Job seekers and recruiters meet during a job fair in Philadelphia, June 2014.

 Two people working for the same employer do the exact same job, have the exact same qualifications, and are equal in output and productivity. The only difference? One gets paid more than the other. Perhaps one of them successfully negotiated a better salary, which is much more likely for men. Or perhaps one of them is a woman or person of color, which suggests that discrimination may be at play.

 Or maybe it’s simply that one worker was underpaid at her last job, while the other was not. When workers apply for jobs, they often receive a salary offer based on what they earned at previous jobs. This kind of situation is not uncommon, as employers frequently evaluate or make job offers to job candidates based on their previous salary history. In fact, half of all workers report that their current employer learned about their previous wage level during the application process. But in doing so, these employers may be unwittingly perpetuating even a single instance of pay discrimination that happened early on in a worker’s career—and impeding wage growth throughout his or her lifetime.

 That is why a growing number of states and cities such as Massachusetts, New York City , Philadelphia, and Delaware are passing legislation banning employers from asking about salary history during the job application process. These bills are aimed at trying to close long-standing gender and racial pay gaps. Even when controlling for factors such as education, occupation, labor force experience, and union status, women and people of color still get paid less than white men, and researchers attribute this to discrimination. Having a salary that is too low also may shut people out of jobs altogether. Because some employers use an applicant’s prior compensation to evaluate that worker’s productivity, a salary that is too low may, in the case of discrimination, erroneously signal a lack of ability and result in the employer not making an offer.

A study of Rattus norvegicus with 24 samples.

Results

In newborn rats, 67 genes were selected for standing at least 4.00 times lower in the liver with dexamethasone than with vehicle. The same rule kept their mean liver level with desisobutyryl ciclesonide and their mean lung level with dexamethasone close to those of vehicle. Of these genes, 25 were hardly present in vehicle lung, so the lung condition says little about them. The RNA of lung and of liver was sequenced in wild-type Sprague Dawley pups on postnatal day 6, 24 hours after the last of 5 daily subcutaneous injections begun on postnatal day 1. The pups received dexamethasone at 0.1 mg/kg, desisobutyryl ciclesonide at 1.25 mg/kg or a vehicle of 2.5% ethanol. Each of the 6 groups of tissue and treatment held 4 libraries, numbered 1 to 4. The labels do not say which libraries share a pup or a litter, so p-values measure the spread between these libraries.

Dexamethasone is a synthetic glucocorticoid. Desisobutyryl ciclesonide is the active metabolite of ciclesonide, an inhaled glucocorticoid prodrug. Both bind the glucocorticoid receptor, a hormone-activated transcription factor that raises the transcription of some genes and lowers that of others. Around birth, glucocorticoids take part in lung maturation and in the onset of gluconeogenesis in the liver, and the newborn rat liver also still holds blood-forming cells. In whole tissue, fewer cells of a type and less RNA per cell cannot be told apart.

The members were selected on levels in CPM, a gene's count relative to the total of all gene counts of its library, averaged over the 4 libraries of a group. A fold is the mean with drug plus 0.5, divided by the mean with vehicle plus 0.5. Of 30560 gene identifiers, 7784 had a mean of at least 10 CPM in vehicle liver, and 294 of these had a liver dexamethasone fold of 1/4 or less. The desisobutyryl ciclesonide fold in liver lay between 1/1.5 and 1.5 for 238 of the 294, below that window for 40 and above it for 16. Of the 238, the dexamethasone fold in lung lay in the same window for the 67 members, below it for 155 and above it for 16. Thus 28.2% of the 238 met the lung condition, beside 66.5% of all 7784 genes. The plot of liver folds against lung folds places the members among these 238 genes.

These state- and city-level policies were enacted relatively recently, so economists and policymakers are still unable to evaluate their effects fully. But a recent field experiment by Moshe A. Barach of Georgetown University and John J. Horton of New York University gives us some hope that the reforms may be effective. They find that employers who could not see applicants’ previous salaries responded by evaluating more workers, asking more questions, and arranging more in-person interviews. These employers also interviewed and hired workers with relatively lower past wages when compared with employers who did have access to applicants’ compensation history. Not having to reveal previous wages also gave workers more bargaining power, and they were offered higher initial salaries compared with those who did have to reveal their pay history.

 This is just a single study, and more research needs to be done to discern the full effects of this policy. But these initial results are promising and have implications for other groups as well. Banning salary history could help workers recover from an economic downturn, when they may have had to take a lower-paying job. It could also help older workers who were laid off at the peak of their careers but cannot find a job because potential employers view them as too expensive. Without applicants’ salary history, applicants may have more leverage to bargain for higher pay. It also means that employers must evaluate applicants’ concrete skills and experience—what they should have been evaluating in the first place.